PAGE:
Role of Women in the Struggle for Indian Independence and in the Post Independent India
Thousands of women across profession, class, caste, and religion participated in the struggle for India’s Independence.
At a time when women formed only 1.7% of the total members of the United States Congress and 1.1% of the Parliament of the United Kingdom, India was leading the way in the fight towards more inclusive world democracies with 5.5% women representation.
India has also seen a woman as the Prime Minister, and a woman as the President of India
What are the gender issues in the Parliament of India?
There are systemic issues due to which the Parliament of India continues to alienate women.
The number of women representatives is still considerably small. Further, the Parliament as a workspace continues to be built exclusively for men.
There is a lack of gender-neutral language in the Parliament of India. The Parliament refers to women in leadership positions as Chairmen instead of chairperson. For example, the Vice-President of India is referred as the ex-officio Chairman, as per the rules of procedure of Rajya Sabha.
In law-making, there have hardly been any gender-neutral Acts. For example, women in profession like policing are referred to as policemen.
Most of the ministerial replies to questions asked by the Women Parliamentarians are given with the use of the salutation “Sir” instead of (sir/madam).
What are the trends of gender-neutrality in the law making bodies in India and across the world?
Internationally, even mature democracies that legalised universal suffrage after India, such as Canada (1960 for Aboriginal women), Australia (1962 for Indigenous women), and the United States (1965 for women of African-American descent), have successfully adopted a framework for gender-inclusive legislation and communication.
In 2014, the Rules of Procedure of the Lok Sabha were amended to make it entirely gender neutral. Since then, each Lok Sabha Committee Head has been referred to as Chairperson in all documents.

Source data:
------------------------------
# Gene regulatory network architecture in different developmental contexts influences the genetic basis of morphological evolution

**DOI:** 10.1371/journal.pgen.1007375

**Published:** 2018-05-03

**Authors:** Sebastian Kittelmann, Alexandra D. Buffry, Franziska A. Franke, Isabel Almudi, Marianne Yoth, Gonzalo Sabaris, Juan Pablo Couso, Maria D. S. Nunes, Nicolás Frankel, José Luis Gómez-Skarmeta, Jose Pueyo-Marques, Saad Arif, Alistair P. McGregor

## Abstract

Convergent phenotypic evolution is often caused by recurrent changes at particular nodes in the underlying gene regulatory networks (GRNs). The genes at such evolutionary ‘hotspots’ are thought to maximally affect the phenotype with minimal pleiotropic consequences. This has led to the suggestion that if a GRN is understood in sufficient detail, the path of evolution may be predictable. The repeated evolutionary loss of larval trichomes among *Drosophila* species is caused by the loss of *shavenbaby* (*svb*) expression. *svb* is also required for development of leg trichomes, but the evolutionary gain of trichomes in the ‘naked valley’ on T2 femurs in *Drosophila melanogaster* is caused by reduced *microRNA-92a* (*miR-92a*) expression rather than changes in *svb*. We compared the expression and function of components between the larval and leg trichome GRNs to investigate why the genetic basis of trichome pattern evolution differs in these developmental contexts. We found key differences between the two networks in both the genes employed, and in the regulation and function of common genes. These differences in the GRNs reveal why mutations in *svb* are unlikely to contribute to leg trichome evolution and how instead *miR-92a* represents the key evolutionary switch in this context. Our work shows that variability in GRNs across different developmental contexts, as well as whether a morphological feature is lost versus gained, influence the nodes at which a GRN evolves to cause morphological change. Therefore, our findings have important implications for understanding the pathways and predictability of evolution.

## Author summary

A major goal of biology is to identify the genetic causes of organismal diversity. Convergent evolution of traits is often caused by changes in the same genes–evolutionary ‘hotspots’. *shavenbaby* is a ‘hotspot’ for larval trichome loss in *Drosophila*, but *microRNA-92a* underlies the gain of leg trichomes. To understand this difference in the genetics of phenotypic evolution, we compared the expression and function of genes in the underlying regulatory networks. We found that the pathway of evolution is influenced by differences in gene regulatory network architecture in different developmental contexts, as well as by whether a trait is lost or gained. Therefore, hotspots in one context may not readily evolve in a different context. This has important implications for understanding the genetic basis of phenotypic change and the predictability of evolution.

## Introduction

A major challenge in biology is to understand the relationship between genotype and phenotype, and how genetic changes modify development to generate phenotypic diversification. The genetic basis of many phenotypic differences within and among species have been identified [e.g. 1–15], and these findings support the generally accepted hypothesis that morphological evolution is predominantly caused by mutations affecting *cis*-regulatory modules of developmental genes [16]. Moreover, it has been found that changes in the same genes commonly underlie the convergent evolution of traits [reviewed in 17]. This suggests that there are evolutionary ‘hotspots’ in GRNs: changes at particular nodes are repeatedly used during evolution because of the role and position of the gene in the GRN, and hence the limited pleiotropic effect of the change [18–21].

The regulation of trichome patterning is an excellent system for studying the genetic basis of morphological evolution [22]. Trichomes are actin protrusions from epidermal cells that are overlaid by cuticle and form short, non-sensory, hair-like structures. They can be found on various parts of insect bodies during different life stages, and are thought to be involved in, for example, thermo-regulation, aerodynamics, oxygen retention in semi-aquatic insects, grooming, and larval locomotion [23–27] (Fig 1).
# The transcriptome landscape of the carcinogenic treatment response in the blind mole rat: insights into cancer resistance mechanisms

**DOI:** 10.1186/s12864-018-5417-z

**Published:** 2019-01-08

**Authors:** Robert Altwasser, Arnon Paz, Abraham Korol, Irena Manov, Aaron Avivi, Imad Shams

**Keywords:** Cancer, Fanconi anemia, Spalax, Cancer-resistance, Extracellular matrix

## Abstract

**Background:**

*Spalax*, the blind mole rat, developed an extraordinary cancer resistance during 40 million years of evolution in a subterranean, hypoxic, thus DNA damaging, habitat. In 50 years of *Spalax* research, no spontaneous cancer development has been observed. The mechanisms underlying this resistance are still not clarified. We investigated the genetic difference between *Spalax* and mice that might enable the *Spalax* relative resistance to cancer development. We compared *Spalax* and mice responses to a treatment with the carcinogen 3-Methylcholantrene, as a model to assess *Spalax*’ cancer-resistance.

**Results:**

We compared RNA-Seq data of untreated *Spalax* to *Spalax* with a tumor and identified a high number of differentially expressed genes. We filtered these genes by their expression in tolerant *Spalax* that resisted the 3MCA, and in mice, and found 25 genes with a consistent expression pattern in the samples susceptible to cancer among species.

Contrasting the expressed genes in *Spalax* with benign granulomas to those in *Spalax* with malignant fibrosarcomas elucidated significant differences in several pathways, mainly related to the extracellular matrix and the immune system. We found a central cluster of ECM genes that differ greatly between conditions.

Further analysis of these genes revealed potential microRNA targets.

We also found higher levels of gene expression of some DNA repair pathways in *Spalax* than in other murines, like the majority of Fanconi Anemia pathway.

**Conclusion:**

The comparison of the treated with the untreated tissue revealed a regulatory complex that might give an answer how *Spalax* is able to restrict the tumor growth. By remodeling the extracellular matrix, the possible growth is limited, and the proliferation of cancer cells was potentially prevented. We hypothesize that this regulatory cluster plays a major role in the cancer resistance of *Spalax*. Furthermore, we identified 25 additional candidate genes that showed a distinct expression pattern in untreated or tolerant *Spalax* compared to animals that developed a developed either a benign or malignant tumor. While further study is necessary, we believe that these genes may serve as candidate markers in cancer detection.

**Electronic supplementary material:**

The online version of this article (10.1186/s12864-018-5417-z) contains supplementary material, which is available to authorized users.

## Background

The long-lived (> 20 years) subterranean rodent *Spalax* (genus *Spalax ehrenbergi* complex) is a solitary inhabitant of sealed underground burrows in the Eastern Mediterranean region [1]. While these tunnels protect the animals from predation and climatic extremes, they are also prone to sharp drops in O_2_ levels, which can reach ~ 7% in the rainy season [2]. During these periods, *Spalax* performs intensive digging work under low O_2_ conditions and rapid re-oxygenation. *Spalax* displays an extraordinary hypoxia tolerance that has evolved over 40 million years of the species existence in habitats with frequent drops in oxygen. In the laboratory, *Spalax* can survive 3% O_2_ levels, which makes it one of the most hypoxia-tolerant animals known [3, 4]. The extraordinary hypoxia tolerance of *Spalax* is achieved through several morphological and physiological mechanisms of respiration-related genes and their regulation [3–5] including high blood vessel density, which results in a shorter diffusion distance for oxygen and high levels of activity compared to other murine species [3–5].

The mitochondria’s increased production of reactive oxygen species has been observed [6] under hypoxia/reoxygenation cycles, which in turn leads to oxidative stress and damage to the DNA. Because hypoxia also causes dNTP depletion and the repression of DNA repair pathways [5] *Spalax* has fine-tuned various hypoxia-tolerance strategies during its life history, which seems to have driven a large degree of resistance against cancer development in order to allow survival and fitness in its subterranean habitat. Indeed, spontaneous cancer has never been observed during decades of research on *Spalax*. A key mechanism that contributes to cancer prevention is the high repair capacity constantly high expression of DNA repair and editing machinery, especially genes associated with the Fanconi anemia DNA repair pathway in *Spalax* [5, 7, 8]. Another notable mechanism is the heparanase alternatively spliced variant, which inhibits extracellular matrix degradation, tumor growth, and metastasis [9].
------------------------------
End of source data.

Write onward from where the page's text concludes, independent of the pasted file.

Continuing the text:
When Parliament and government offices reinforce gender biases through stereotypical language in their communication. It sends the wrong message to the people of India.
The Supreme Court judgment in National Legal Services Authority vs Union of India , 2014, has given impetus to gender identity and has given the movement greater impetus.
There should be political will to amend legal documents to make them inclusive for all genders.
In the 21st century, the Indian Parliament needs to send the right message for citizens to follow. It can begin with an amendment to the Constitution and the entire reservoir of laws. Thereafter, the Parliament can shift its focus on other deeper issues like women empowerment, aspirations and growth of its woman workforce etc.
The Parliament must lead to sensitivity, equal treatment, and appreciation for the people of India, regardless of gender
The Indian Parliament can conduct gender audits. For example, in 2018, the U.K. Parliament conducted a gender audit to understand its culture, environment, and policies as a workspace.
Source: The post is based on an article “A man’s Parliament striving for an inclusive India” published in the “The Hindu” on 18th June 2022.